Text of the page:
How Lismore helped create revolutionary airmail service
RESEARCH undertaken by local stamp collectors and historians has revealed how Lismore played an important role in the development of a national airmail service.
Tired of long delays as letters were carried by ship or coach, 100 year ago the city's then-mayor Ted Mckenzie asked the then-Federal Member Walter Massey-Green to approach the Post Master General and suggest his office conduct Australia's first internal airmail service from area.
Yesterday, representatives from the Richmond River Philatelic Society and Richmond River Historical Society were joined by Federal Member for Page Kevin Hogan and Lismore mayor Isaac Smith, at the Museum and Research Centre where they inspected an historic display showing how Lismore shaped the way Australians send and received mail.
Geoff Wotherspoon, vice-president of the RRPS said the concept of delivering mail by air was a remarkable idea for its time.
"It's wonderful how the people of Lismore approached the Post Master General to get airmail happening," he said.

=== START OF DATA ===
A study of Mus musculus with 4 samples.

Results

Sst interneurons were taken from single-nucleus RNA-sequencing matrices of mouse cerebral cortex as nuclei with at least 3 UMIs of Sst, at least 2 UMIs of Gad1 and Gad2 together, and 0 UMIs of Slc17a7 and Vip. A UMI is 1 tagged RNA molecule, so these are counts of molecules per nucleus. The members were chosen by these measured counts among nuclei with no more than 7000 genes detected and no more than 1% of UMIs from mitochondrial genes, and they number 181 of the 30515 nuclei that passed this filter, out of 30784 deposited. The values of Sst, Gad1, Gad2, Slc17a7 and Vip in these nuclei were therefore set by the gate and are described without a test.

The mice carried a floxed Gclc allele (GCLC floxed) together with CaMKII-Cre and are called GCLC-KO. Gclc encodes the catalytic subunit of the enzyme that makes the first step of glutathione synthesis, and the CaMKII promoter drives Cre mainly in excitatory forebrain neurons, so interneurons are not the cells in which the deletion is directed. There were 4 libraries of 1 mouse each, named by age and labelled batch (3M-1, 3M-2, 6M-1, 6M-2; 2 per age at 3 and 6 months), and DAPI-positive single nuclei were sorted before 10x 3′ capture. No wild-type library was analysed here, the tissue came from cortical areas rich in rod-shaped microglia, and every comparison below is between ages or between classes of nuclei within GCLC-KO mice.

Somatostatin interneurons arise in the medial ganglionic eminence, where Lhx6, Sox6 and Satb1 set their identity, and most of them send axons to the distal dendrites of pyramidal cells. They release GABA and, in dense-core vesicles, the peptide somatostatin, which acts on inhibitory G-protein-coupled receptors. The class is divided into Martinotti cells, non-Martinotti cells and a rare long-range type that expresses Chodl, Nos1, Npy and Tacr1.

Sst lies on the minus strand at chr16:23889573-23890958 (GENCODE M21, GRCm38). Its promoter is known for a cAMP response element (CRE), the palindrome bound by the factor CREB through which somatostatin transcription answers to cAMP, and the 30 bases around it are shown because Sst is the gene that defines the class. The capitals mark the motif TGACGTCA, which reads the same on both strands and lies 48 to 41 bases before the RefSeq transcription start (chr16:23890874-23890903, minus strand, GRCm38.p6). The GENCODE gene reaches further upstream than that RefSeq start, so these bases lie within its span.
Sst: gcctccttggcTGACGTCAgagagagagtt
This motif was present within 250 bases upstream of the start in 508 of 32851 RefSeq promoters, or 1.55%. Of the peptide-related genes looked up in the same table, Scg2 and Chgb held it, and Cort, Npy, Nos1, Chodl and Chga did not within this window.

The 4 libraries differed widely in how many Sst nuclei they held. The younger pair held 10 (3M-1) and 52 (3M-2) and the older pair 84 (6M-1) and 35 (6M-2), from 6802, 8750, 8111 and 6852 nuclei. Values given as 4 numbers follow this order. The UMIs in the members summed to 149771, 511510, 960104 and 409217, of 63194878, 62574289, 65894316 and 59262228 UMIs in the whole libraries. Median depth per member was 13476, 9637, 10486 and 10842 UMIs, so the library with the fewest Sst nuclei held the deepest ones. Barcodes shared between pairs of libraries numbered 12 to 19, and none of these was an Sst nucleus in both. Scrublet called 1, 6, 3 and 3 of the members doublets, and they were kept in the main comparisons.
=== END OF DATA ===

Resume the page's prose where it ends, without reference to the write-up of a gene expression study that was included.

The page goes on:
President of the RRHS, Dr Robert Smith said the display showed how progressive the people of Lismore were at this time.
"The area was intensely settled but Lismore was a long way from the corridors of power," he said.
""When the first flight occurred in 1920 around 8000 pieces of mail were aboard."
Mr Hogan said his and Mr Smith's predecessors were way ahead of their time.
"The reason why it was such a success was because all levels of government understood the need to work together for the benefit of the community," he said.
Mr Smith said he encouraged people to visit the Lismore Worker's Club on Sunday November 27 when the two societies will display original records and the flights at the Stamp and Coin Day.
Meanwhile, Museum visitors Denise Byrne and John Stanton said they had no idea of the vital role Lismore played in developing airmail.